Facts About Psychosis
- Psychosis affects a significant number of individuals in our community. If we consider all psychotic disorders together, around 3% of people will experience a psychotic episode at some time in their life and 1% will be diagnosed with schizophrenia.
- The earlier treatment is obtained, the more likely there will be a good outcome and positive future.
- The average duration of the Clinical High Risk (CHR) phase – when young people are first having symptoms prior to a First Episode – is 2 years, with a range of 1-5 years.
- Half of the disability associated with psychosis occurs during the CHR phase. Early intervention reduces the impact.
- About 33% of CHR youth will have a First Episode of Psychosis within 2 years. Treatment in the CHR phase can reduce this risk to less than 10%
- Usually a First Episode of Psychosis (FEP) occurs in adolescence or early adult life, an important time for the development of identity, relationships and long-term vocational plans.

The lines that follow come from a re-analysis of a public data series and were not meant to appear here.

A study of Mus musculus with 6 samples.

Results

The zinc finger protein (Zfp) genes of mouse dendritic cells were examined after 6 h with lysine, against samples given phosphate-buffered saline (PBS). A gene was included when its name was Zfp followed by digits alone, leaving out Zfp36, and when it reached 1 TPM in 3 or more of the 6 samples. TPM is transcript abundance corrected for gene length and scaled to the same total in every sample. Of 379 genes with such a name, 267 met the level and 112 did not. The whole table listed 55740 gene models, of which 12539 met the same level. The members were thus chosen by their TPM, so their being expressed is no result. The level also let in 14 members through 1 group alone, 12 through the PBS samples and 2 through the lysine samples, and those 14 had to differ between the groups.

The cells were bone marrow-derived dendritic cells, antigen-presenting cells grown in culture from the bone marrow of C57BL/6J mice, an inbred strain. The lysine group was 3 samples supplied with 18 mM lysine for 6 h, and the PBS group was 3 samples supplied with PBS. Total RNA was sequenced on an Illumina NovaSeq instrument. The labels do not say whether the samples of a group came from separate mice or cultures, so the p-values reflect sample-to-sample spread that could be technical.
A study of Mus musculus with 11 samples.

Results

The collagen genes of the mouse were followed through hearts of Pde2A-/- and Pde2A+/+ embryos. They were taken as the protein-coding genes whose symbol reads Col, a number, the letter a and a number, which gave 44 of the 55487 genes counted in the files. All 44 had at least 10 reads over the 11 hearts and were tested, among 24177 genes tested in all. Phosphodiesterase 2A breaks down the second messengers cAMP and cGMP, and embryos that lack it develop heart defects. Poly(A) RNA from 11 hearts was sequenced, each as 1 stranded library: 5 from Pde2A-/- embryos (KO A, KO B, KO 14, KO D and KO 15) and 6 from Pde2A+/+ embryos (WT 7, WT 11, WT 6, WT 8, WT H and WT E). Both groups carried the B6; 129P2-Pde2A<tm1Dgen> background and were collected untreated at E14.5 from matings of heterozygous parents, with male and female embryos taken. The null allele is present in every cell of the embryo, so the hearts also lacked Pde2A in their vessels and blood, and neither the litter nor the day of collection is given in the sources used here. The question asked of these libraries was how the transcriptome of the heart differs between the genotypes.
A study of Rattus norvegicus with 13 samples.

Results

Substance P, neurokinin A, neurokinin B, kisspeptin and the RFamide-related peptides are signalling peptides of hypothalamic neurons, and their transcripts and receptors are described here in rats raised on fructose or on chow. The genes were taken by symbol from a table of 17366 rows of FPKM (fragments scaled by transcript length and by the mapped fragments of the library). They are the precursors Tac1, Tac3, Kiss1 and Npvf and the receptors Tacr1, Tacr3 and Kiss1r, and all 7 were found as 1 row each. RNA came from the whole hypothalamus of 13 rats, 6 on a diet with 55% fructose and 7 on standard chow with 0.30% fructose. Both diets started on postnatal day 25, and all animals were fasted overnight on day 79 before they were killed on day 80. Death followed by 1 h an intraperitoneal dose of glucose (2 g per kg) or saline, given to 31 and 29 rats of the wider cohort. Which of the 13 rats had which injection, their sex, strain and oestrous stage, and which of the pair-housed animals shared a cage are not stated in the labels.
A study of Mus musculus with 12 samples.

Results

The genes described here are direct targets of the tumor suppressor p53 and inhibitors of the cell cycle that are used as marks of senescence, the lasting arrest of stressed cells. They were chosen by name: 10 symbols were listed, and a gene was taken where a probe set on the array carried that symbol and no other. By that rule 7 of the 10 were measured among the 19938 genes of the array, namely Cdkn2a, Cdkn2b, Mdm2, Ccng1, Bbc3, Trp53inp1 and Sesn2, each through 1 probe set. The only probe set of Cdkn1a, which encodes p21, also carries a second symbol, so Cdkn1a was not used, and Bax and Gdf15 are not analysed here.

- 3 out of 4 people who have an FEP will go on to have another episode at some time in their life, usually within a year or two of their First Episode.
- Experiencing psychotic symptoms
- Greatly increases the likelihood of becoming depressed and anxious - sometimes severely so.
- Puts one at greater risk of abusing alcohol and/or other drugs. Sometimes people use these substances to try to feel better, or in an attempt to block distressing symptoms.
- Can put great strain on family relationships and friendships. The earlier help is sought and the psychotic symptoms are brought under control, the less disruption that will occur to important relationships.
- Has a negative impact on the ability to function well at work or study. This puts people at risk of losing a job or of performing badly in school.
- Failure to seek intervention at an early stage can lead to unnecessary hospitalization because symptoms become more severe and difficult as time progresses.
- Psychotic symptoms that are left untreated also result in lower self-esteem and a loss of confidence.
- Treatment early after the First Episode hastens recovery and supports a return to a job, school, or other everyday activities.